While viewing Robert Puschautz's "Madonna of the Roses," Tyler residents may feel they have a clear symbol of their city's connection to God's plan.
The Tyler Morning Telegraph reports in the painting -- which is inspired by a work by William-Adolphe Bouguereau that bears the same name -- red roses drawn from those in the Tyler Municipal Rose Garden spring up in full bloom from a bush that surrounds Mary and Jesus Christ.
The trees in the background are modeled from those created by American landscape painter George Inness, but might remind some of the Piney Woods of East Texas.
"I had an idea of how I wanted the baby and then the baby would be in that position and the he would move and I'd be like `well, there goes that," Puschautz said. "He ended up rolling into this position like this and that I was not intending and it ended up being perfect.
"When life changes on you, you adapt and you incorporate it into the work," he added.
Since June 2018, Puschautz, 30, has been creating sacred art for the Roman Catholic Diocese of Tyler as the Stabat Mater Art Fellow of the St. Philip Institute of Catechesis and Evangelization.
"Sacred art is artwork that is intended to aid and supplement the liturgy," he said. "It has to be based on the Bible or the lives of the saints, it's got to be Christocentric, so it's got to be about Jesus Christ in some form or another; and it has to encompass the entire mystery of Christ, or at least touch on the mystery of Christ."
In his role, Puschautz is responsible for creating eight to 10 works a year, although that can vary based on the size and scope of the project. Bishop Joseph Strickland, of Diocese of Tyler, assigns Puschautz projects.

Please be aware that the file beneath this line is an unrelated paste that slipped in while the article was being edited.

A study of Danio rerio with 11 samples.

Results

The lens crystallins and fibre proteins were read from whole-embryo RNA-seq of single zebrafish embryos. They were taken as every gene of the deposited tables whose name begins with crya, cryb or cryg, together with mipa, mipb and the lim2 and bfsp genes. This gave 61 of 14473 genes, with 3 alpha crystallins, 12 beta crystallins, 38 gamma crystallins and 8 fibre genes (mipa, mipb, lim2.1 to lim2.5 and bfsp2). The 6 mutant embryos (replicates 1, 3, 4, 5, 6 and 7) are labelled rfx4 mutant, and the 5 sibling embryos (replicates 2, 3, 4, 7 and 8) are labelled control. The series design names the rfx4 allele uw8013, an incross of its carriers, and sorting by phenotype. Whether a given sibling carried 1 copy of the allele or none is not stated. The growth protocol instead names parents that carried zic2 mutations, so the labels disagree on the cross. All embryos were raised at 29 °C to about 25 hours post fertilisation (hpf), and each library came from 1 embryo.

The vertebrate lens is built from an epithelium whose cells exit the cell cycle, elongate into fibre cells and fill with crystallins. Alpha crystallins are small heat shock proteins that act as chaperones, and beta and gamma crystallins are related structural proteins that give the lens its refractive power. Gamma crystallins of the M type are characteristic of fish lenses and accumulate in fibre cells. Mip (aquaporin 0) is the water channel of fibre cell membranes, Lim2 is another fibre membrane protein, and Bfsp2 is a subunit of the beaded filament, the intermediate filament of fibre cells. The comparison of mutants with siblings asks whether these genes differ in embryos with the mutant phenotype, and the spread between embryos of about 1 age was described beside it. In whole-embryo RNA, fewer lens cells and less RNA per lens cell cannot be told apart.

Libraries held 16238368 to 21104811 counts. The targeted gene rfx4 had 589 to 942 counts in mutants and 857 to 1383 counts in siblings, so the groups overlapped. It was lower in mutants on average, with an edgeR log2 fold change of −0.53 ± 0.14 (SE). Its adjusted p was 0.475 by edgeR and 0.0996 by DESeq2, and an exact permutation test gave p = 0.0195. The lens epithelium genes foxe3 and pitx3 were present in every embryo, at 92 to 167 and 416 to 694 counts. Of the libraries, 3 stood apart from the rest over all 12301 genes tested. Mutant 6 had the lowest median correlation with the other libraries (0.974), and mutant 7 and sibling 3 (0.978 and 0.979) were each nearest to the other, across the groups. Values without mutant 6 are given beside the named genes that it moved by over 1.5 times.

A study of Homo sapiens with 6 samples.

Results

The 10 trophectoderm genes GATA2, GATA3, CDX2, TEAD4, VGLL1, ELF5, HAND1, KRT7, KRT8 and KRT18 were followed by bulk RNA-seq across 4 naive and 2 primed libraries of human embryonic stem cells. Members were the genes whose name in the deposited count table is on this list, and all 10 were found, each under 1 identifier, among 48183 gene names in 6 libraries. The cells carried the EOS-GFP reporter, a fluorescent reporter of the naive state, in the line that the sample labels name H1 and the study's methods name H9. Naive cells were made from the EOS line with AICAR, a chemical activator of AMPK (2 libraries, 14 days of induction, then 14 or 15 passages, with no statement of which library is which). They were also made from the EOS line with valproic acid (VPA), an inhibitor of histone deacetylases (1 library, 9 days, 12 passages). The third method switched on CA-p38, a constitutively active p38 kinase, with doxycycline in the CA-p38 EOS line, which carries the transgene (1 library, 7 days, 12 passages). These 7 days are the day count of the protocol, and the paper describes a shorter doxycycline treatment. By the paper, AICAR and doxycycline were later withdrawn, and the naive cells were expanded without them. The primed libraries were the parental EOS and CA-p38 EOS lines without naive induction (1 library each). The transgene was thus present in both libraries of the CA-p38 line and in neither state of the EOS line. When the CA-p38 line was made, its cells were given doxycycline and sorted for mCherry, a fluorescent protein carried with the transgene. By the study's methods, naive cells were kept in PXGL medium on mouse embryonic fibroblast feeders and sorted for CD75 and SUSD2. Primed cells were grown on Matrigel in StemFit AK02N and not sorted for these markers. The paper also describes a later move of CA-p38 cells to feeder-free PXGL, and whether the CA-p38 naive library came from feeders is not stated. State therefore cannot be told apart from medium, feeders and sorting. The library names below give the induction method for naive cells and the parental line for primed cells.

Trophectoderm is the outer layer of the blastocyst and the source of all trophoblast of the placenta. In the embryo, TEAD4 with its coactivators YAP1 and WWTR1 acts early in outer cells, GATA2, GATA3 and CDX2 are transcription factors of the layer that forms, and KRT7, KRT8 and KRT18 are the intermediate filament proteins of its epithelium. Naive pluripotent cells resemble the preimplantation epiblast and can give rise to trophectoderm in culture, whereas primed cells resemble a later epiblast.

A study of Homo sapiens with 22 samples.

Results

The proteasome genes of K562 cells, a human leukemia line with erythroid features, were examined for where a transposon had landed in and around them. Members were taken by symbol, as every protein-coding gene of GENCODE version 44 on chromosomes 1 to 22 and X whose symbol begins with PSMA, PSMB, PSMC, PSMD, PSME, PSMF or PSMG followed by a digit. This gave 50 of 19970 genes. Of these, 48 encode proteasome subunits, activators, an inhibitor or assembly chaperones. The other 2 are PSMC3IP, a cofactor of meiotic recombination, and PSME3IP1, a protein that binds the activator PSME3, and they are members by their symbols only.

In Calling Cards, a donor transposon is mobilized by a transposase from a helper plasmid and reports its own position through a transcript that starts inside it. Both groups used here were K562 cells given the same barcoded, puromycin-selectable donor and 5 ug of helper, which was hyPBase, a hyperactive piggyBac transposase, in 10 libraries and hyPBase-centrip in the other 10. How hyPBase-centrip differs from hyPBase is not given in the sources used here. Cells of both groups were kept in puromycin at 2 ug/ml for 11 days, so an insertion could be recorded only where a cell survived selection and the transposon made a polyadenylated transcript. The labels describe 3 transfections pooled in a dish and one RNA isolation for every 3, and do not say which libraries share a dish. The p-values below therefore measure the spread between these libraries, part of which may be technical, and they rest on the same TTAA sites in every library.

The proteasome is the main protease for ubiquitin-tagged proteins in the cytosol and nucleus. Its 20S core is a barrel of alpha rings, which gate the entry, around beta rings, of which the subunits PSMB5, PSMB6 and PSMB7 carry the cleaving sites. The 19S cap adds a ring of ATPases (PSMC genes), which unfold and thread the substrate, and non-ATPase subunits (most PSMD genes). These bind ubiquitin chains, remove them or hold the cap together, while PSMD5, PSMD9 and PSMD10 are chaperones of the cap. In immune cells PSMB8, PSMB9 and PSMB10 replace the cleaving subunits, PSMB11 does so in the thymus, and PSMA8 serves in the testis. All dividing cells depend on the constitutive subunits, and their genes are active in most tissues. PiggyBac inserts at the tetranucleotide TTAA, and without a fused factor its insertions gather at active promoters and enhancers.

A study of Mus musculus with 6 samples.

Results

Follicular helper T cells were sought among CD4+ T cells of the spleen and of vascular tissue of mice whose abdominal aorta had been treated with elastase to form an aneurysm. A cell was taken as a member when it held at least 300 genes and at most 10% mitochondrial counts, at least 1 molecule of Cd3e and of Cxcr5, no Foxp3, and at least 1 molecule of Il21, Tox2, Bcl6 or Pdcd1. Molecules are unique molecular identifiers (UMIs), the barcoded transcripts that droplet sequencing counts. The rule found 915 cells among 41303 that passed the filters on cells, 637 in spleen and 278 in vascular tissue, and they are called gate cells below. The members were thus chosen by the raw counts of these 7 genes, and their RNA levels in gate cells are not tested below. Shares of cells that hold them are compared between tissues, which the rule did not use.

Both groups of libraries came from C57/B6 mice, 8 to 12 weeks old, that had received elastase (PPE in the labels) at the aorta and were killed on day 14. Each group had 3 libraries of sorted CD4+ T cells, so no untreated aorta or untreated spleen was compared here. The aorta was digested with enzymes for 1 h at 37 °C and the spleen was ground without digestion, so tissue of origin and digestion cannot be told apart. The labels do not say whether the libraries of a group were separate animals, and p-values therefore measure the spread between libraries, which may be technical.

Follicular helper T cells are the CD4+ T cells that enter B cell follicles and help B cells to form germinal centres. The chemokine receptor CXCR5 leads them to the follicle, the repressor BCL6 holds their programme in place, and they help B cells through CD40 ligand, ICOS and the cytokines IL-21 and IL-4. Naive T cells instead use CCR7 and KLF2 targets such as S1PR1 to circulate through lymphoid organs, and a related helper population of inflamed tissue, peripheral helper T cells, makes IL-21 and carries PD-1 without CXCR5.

Puschautz begins his process with research by reading theology, history and scripture, as well as finding sacred art created by the masters.
"My work is connected to this tradition of all visual art, so I don't see myself as this sort of lone ranger, like kind of do-it-myself genius who has all the good ideas," he said. "I think you can draw a lot from art history, and there's this beautiful long tradition that you can draw from people who have done things better than you."
He will follow up his research with drawings, often using live models, mannequins and other paintings.
Once his paintings are completed, the bishop then chooses where the works go. Diocese of Tyler covers parishes in 33 counties.
Two works Puschautz is still painting that relate to the Sacred Heart will likely be sent to two of the diocese's four Sacred Heart parishes upon completion.
Puschautz's "The Immaculate Conception" currently hangs inside the Cathedral of the Immaculate Conception in downtown Tyler.
Luke Heintschel, director of communications at the St. Philip Institute, said having an in-house artist at the parish allows parishioners to feel a closer connection to the sacred art they see. He said Puschautz's "Madonna of the Roses" was an example of a painting where people can easily relate the artwork to their own lives.
"People from Tyler can say `this is our lady and the birth of Christ connected to my hometown," he said, later adding "I think that is a significant thing for the spiritual life of an individual is that this is not something that happened 2,000 years ago and thousands of miles away. The Catholic faith is something that's real for me right now, right here."
Heintschel added that Vatican II approves of the use of sacred art in parishes and that having someone who creates it for a diocese has become a bit of a rarity in the 21st century.
Puschautz said he hopes those who view his art are able to feel a spiritual connection.
"All I'm trying to do is take the gift of my faith, everything that I received from that, and point toward the mystery of God," he said. "It's always going to be insufficient, what I do. The reality is always greater."